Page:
Fishbowl Discussion

Do you want all your key stakeholders pushing with, or against, you and your objectives?

You want them with you, I’m sure. But maybe you don’t have the time to convince every person one-on-one?

Perhaps you have done your Stakeholder Map and you’re wondering what you do now?

Here’s the thing. When decisions and actions are made by a small number of people in isolation that impact a wider stakeholder group you often run into problems.

The wider group don’t feel part of the process so will often react against your agenda of change.

Something you might consider doing is to run a Fishbowl Discussion.

Fishbowl Discussion

A Fishbowl is a technique used to help a large group of people reach a common understanding on a set of issues or proposal and increase their feeling of participation. In a relatively short amount of time.

You can download a FREE Powerpoint or PDF of this tool at the bottom of this page

What is it?

  • A Fishbowl Discussion is an inner group of participants in a roundtable format going through a decision making process that is ‘witnessed’ by a larger group standing behind them who have the opportunity for input and questioning.
  • It can be adapted with the use of role-playing techniques to highlight conflicts and alliances.

Objectives

  • The fishbowl process aims to increase the understanding of a large group of other people’s perspectives on an issue or proposal, and to allow them to make connections and recognize links that may have been hidden in a short amount of time.

When Would You Use It?

  • When you need to have a far-reaching consultation on a controversial topic with the broader community.
  • If you would like participants and observers to leave with a greater understanding of the range of opinions that exist within their community.
  • To help a large group feel that their views have been represented in a discussion, even when they have not themselves had any input.
  • When you are looking to build trust with the wider group by creating a sense of transparency in decision making.

Resources required

  • 1 hour.
  • Large room with plenty of wall space for putting up flip-chart papers.
  • 1 large round table with 10 chairs.
  • Between 15 to 50 people (no more than 8 should sit around the table (plus the 2 empty chairs) with the remaining people as observers).
  • 1 Lead Facilitator controlling the process and at least 2 others capturing discussion and managing questions and answers.
  • Enough chairs for all who are sitting around the table.
  • Notepads and pens for everyone.
  • Projection screen, projector and computer (if a short presentation is required to kick the discussion off).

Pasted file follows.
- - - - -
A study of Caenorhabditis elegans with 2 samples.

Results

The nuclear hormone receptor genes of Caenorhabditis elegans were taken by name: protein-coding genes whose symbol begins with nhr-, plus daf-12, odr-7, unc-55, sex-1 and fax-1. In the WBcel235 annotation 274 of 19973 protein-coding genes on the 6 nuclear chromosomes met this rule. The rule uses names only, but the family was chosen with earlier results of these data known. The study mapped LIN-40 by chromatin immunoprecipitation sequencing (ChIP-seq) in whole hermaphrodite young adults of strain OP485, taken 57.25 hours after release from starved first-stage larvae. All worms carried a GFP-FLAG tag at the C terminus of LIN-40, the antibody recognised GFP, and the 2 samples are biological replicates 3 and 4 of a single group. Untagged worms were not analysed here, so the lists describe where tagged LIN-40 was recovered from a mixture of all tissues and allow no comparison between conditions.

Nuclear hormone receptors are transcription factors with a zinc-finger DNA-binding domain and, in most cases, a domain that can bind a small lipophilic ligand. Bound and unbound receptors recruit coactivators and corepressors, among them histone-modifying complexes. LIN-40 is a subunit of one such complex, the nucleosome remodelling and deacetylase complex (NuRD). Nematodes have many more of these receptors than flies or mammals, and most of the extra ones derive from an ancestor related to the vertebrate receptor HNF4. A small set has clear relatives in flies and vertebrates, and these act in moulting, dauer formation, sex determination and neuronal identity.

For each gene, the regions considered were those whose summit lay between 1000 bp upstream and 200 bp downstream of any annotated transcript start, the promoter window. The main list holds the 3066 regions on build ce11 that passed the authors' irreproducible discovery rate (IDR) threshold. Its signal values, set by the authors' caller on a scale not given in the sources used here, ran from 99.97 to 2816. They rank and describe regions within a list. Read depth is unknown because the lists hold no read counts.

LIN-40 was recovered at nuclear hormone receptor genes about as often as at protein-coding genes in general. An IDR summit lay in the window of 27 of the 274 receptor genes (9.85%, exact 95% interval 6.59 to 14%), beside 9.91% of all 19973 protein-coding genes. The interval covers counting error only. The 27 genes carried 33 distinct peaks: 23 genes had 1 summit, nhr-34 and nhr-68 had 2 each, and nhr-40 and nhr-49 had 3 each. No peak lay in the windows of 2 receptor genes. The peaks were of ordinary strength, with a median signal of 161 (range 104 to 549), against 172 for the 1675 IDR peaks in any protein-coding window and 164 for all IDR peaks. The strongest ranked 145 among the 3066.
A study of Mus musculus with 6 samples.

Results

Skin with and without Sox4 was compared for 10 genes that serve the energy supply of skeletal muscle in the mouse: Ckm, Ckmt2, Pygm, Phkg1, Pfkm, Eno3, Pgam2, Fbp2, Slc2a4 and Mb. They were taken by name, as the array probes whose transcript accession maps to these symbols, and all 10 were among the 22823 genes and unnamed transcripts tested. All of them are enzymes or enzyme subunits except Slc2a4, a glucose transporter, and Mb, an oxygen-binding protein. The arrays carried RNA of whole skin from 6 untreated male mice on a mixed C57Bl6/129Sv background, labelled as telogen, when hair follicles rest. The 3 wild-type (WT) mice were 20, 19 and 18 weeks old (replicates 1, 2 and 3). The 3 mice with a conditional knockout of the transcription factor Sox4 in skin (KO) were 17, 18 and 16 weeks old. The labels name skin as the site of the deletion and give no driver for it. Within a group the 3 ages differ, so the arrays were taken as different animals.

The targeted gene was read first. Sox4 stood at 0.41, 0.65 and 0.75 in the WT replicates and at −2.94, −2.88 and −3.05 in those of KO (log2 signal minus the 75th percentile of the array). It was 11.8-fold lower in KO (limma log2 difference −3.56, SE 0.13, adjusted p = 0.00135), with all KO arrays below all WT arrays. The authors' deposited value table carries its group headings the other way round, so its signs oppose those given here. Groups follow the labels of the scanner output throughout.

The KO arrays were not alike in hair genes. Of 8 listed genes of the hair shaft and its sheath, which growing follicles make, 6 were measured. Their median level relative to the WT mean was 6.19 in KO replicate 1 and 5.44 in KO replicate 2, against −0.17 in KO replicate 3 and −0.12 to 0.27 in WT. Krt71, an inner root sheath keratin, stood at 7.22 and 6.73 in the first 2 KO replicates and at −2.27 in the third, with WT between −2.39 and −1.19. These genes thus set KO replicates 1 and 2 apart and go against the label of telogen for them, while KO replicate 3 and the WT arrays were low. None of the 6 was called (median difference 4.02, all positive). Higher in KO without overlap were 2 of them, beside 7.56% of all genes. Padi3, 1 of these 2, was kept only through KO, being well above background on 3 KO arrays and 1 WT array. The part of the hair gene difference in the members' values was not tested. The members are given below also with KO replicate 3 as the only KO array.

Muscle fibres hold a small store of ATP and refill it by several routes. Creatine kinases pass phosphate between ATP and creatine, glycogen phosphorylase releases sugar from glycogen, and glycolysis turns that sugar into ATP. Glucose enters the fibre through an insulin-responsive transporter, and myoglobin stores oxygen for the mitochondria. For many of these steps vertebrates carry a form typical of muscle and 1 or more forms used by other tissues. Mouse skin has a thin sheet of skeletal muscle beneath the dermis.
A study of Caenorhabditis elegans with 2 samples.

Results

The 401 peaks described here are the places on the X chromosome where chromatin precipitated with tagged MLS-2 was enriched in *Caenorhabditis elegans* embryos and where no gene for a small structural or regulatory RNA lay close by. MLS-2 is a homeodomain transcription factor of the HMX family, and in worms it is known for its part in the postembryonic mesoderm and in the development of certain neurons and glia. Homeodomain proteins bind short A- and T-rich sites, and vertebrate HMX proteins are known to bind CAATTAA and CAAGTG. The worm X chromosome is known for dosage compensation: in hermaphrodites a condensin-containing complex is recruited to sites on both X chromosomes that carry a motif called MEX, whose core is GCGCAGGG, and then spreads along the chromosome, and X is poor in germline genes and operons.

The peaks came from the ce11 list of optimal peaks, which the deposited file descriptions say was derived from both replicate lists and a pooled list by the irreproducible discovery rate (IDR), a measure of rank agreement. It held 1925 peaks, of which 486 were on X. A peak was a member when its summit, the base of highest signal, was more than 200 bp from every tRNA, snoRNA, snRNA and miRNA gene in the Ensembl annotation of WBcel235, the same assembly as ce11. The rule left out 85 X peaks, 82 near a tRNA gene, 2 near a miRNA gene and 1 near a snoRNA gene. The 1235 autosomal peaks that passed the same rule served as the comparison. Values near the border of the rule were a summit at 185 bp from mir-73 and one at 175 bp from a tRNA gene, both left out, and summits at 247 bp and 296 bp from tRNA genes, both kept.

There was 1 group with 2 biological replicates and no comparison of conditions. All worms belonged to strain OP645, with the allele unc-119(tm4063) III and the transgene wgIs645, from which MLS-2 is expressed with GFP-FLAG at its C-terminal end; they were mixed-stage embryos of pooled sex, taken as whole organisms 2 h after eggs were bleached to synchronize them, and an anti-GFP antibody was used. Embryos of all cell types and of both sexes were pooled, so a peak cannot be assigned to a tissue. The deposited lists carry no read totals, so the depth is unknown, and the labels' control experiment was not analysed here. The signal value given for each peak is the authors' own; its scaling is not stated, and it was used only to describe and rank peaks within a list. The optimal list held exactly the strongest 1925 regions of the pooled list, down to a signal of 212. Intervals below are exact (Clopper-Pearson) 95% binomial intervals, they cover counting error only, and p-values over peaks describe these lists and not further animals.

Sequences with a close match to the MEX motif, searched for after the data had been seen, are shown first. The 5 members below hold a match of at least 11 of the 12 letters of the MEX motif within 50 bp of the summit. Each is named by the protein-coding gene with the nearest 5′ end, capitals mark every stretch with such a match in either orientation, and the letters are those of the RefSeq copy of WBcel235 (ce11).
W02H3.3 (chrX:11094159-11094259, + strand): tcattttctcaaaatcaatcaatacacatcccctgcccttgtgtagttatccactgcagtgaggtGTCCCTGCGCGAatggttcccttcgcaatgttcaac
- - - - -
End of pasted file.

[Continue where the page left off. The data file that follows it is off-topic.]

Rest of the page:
• Flip-chart to capture the discussion.

Process

  1. When planning the session with your sponsor agree who the Participants and Observers should be.
  2. On the day, before the discussion kicks off, run through the process and role descriptions of the session.
  3. The Facilitator should co-create a set of Ground Rules with the Group (e.g. no interrupting, treat each others opinions with respect, approach each new idea with positivity, respect the integrity of the process etc.)
  4. The Sponsor provides a brief presentation (no more than 5 minutes) of the situation or proposal on the table for discussion.
  5. The Facilitator then helps the Participants start discussing the situation.
  6. If an Observer would like to actively input then they can sit down in one of the empty chairs and wait for their moment to talk.
  7. There should always be 2 empty chairs available around the table so during a natural pause in the discussion, if this isn’t the case at any time, the Facilitator should ask if there is anyone around the table who would like to join the Observers.
  8. Allow the discussion to continue until, either it dries up, or 10 minutes before the session is scheduled to end.
  9. The Facilitator then leads a 10 minute plenary discussion for the remainder of the session where all Participants and Observers can offer their final thoughts to the wider group.
  10. The Facilitation Team then compile a report on the discussion and ensure that all decisions are highlighted for the action team to take forward.

Variations – Closed Fishbowl Discussion

  • The process described above is called an ‘Open Fishbowl’.
  • You can also do what is called a ‘Closed Fishbowl’ where all 10 chairs are filled and then after 10 minutes all 10 people swap with 10 different Observers for them to continue the discussion.
  • And so on so all people who want to actively participate get their opportunity.

Secret Sauce

  • The Sponsor’s presentation is critical for the success of the session. It should be brief, to the point, and as neutral as possible so as not to lead the discussion in one direction or another.
  • Make sure you prepare the Sponsor appropriately and, if possible, know exactly what they are going to say beforehand.
  • As long as physical contact is appropriate in your culture encourage Observers to tap on Participants’ shoulders to take their place in the fishbowl as this will allow the discussion to continue uninterrupted.
  • The magic of this process lies in the personal reflection of each attendee after the event. It might seem like it “was just a talking shop” and that “there were no firm decisions or actions that came out” but because the discussion was so open and transparent a lot of people will suddenly share a common understanding that may not have happened otherwise.


Nick Martin has more than 15 years experience as a change manager and is the founder and CEO of WorkshopBank.